My passion for the arts has always been deep-seated through my love of acting and the theatre. As a self-taught artist, I struggled with my identity in the visual art world until I moved to Valencia. Here, I have become an established abstract artist exhibiting my art throughout the community. My artwork hangs in the Sara Caso Art Gallery in Madrid and the Huffington Post has published some of my illustrations.
How I Got Started
Originally from London, England, I worked as a nurse in my past life. My love of travel brought me to Asia and Australia and eventually settled in New Zealand where I specialized in the HIV/AIDS epidemic, which led me to create a successful fundraising event. This propelled me to change careers to become an event manager, eventually running my own event company, producing theatre and dance and co-producing TEMPO, Australasia’s largest dance festival. I was fortunate to work with Maori performer, Mika, producing performances by young indigenous dancers from socially marginalised communities.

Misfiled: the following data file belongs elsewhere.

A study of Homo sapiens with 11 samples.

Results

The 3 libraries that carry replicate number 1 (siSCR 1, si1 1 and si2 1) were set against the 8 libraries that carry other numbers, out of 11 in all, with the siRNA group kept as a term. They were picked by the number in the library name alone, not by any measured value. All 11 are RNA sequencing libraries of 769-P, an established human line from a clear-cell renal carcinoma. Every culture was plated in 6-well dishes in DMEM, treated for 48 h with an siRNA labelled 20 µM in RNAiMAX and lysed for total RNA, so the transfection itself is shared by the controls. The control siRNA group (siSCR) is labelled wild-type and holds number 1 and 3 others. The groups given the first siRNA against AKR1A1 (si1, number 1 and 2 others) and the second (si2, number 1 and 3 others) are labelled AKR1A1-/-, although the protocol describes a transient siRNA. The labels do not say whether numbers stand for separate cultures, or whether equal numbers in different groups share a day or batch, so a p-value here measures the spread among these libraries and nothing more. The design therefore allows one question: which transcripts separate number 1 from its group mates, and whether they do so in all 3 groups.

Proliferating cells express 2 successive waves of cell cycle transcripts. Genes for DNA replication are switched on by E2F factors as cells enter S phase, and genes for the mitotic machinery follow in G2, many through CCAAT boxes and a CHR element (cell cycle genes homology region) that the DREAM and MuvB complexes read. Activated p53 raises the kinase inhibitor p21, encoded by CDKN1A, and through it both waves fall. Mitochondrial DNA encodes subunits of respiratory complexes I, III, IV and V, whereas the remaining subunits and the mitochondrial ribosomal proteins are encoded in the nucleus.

After 27 years of living in New Zealand, I brought my enriching experiences to the UK where I continued to produce theatre and dance and organised festivals for touring New Zealand and Australian performers, especially indigenous artists. I had always enjoyed drawing as a creative outlet, so when going through a challenging period in my life, I started sketching and painting. While my art became part of the healing process, my creativity was further ignited and I fell in love with this method of artistic expression.
Yet, the self-doubt that arose from my lack of professional art training and compounded by preconception of what a ‘real artist’
is or is not, left me going through the dreaded imposter syndrome. But, this feeling of uncertainty was also the catalyst for my discovery of abstract art. My fascination with texture and layer-building on canvas using unconventional materials has allowed me to paint without worrying where the journey will take me. This free-form creative thinking also extends to the observer. I want them to make their own interpretation of the story, so I leave my artwork untitled.
From day one of the coronavirus lockdown in Spain, I documented this extraordinary time in our lives through paintings based on my experiences and those of others. And because of shop closures, I had to resort to using computer paper for my creations – an unorthodox medium for artists! Using these unusual materials, however, did not dampen my desire to capture these stories during such an unprecedented period. An exhibition and book launch showcasing this series of paintings is currently in the works.